Egyptian President Abdel Fattah al-Sisi issued a new decision regarding Egypt’s anti-terrorism law, running the risk of labeling most opposition groups and human rights organizations as terrorist entities.
Egyptian security personnel check cars at a checkpoint near the site, where separate attacks on security forces in North Sinai on Thursday killed 30 people, in Arish, North Sinai, Egypt, January 31, 2015.  President Abdel Fattah al-Sisi said on Saturday that Egypt faces a long, hard battle against militancy, days after one of the bloodiest attacks on security forces in years. On Thursday night, four separate attacks on security forces in North Sinai were among the worst in the country in years. Islamic Stat

Egyptian President Abdel Fattah al-Sisi on Feb. 24 issued a new decision concerning Law No. 8 on “the organization of terrorist entities.”

The law consists of 10 articles. Article 1 defines a “terrorist entity” and a “terrorist person,” and tackles the source of money, financing and the freezing of funds belonging to terrorists. The other articles specify the authorities tasked with drawing up a list of terrorist entities and the parties entitled to appeal their listing.

The law defines terrorist entities as any association, organization, group, gang, cell or other grouping, which — de jure or de facto, through any means, inside or outside the country — seeks to call for the harming of individuals, the spread of terror or the endangering of the lives, freedoms, rights or security of the people. The law also prohibits the harming of the environment, natural materials, antiquities, communications, land, air or sea transportation, as well as the harming and seizure of public or private funds, buildings or properties. It also forbids the obstruction of public authorities, judicial agencies or bodies, government interests, local units, places of worship, hospitals, institutions, science institutes or other public facilities.

These clauses apply to the mentioned entities and people whenever they practice or try to carry out any of these acts, even when not targeting the Arab Republic of Egypt.

According to Malek Adly, a lawyer at the Center for Economic and Social Rights, the anti-terrorism law offers a loose definition of a terrorist entity. Adly said the provisions of any law should be precise. Based on this definition, all parties, student unions, movements and human rights organizations run the risk of being deemed terrorist entities, especially because the sentence “de jure or de facto” does not immunize the legally recognized institutions against this definition.

Adly told Al-Monitor that the law was an alternative to the emergency law, which was adopted by former President Hosni Mubarak during his rule, to intimidate the community and tighten his security grip on the people.

Adly wondered what was meant by “even when not targeting the Arab Republic of Egypt,” and asked: “Will the law be applied to all those who threaten the security of other countries from within Egypt? Will the people planning, for instance, to harm the interests of Qatar, which is an opponent of the regime in Egypt, be deemed terrorists?”

According to the law, a terrorist is any ordinary person who commits or attempts to commit, incite, threaten or plan at home or abroad for a terrorist offense by any means, even if individually. The law prohibits contributing to such a crime in the framework of a joint criminal project. A terrorist is any person who commands, leads, runs, constructs, establishes, funds, becomes a member of or takes part in any of the terrorist entities stipulated in Article 1 of this law or contributes to their activity with their full knowledge.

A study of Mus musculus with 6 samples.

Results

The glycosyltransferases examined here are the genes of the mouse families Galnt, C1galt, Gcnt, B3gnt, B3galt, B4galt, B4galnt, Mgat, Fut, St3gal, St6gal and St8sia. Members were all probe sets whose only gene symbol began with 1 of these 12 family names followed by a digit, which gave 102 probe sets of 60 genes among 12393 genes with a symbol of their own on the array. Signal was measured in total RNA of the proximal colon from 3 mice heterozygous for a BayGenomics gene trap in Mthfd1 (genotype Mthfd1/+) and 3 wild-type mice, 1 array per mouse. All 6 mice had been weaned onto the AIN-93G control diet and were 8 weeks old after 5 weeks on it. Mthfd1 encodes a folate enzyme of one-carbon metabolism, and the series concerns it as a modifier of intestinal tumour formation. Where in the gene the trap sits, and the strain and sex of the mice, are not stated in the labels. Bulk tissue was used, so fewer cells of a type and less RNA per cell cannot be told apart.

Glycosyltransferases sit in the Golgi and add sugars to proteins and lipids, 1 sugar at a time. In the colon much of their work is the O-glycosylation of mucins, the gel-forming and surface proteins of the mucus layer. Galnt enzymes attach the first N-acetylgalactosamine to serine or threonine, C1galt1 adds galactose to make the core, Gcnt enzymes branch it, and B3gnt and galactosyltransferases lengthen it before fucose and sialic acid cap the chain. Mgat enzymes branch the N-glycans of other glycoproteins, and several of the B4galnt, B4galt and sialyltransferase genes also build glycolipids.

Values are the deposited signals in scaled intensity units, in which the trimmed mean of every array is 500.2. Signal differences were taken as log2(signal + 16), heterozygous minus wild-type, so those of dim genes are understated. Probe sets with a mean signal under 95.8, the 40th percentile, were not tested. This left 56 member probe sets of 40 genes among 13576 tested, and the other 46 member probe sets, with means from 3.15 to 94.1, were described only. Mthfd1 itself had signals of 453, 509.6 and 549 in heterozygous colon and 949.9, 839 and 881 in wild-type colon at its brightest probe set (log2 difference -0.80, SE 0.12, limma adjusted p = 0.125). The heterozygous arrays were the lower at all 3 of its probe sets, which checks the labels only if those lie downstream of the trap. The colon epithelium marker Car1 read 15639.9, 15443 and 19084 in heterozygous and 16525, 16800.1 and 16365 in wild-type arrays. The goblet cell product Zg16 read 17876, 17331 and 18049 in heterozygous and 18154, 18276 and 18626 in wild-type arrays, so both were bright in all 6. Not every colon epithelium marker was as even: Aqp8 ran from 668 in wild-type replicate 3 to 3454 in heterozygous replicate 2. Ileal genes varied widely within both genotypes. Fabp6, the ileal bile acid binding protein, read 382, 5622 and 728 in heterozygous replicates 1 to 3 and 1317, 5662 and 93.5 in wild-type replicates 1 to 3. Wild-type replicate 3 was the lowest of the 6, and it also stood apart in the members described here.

The previous text did not say what constitutes a terrorist crime. Therefore, any act carried out by individuals that the authorities are not satisfied with may be placed in such category even if the act is not terrorism itself, Nejad El Borai, human rights lawyer and president of the United Group, told Al-Monitor.

Borai said that Sisi has overused his legislative authority and has taken advantage of the absence of the parliament. He added that the authorities in Egypt used to and still believe that intimidation is the best way to rule citizens.

The new law failed to garner the support of the state’s human rights organizations. Nasser Amin, member of the National Council for Human Rights, told Al-Monitor that even if the goal of the law is to deter the Muslim Brotherhood and the jihadist armed groups, the fact remains that its text is greatly defective as it gives the public prosecution sweeping powers in determining who is a terrorist and what is a terrorist entity.

Amin said in regard to Article 2 of the law, which stipulates, in part, that “the Public Prosecution draws up a list called the ‘list of terrorist entities’ to include the terrorist entities that the competent department decides to include on the list,” adding that such flexible phrasing increases the likelihood of misuse by officials.

For his part, Amro Ali, coordinator of the April 6 Youth Movement, said that the phrasing of the law tends to criminalize protest acts rather than terrorist acts, as it uses the wording “by any means,” which infers that the use of arms is equal in criminality to opposing power through social media. Under this law, the two acts disturb the public order of the state.

Ali told Al-Monitor that the April 6 Youth Movement will be targeted by the law as it is an opposition movement, and that the law will lead to the freezing of political life in Egypt and will eventually limit it to the supporters of the ruling regime.

According to Ali, the presidency is well aware of the increasing anger among Egyptians as a result of the deteriorating economic and political situation, and it wants to issue more laws with the aim of restricting any action that goes against its policy.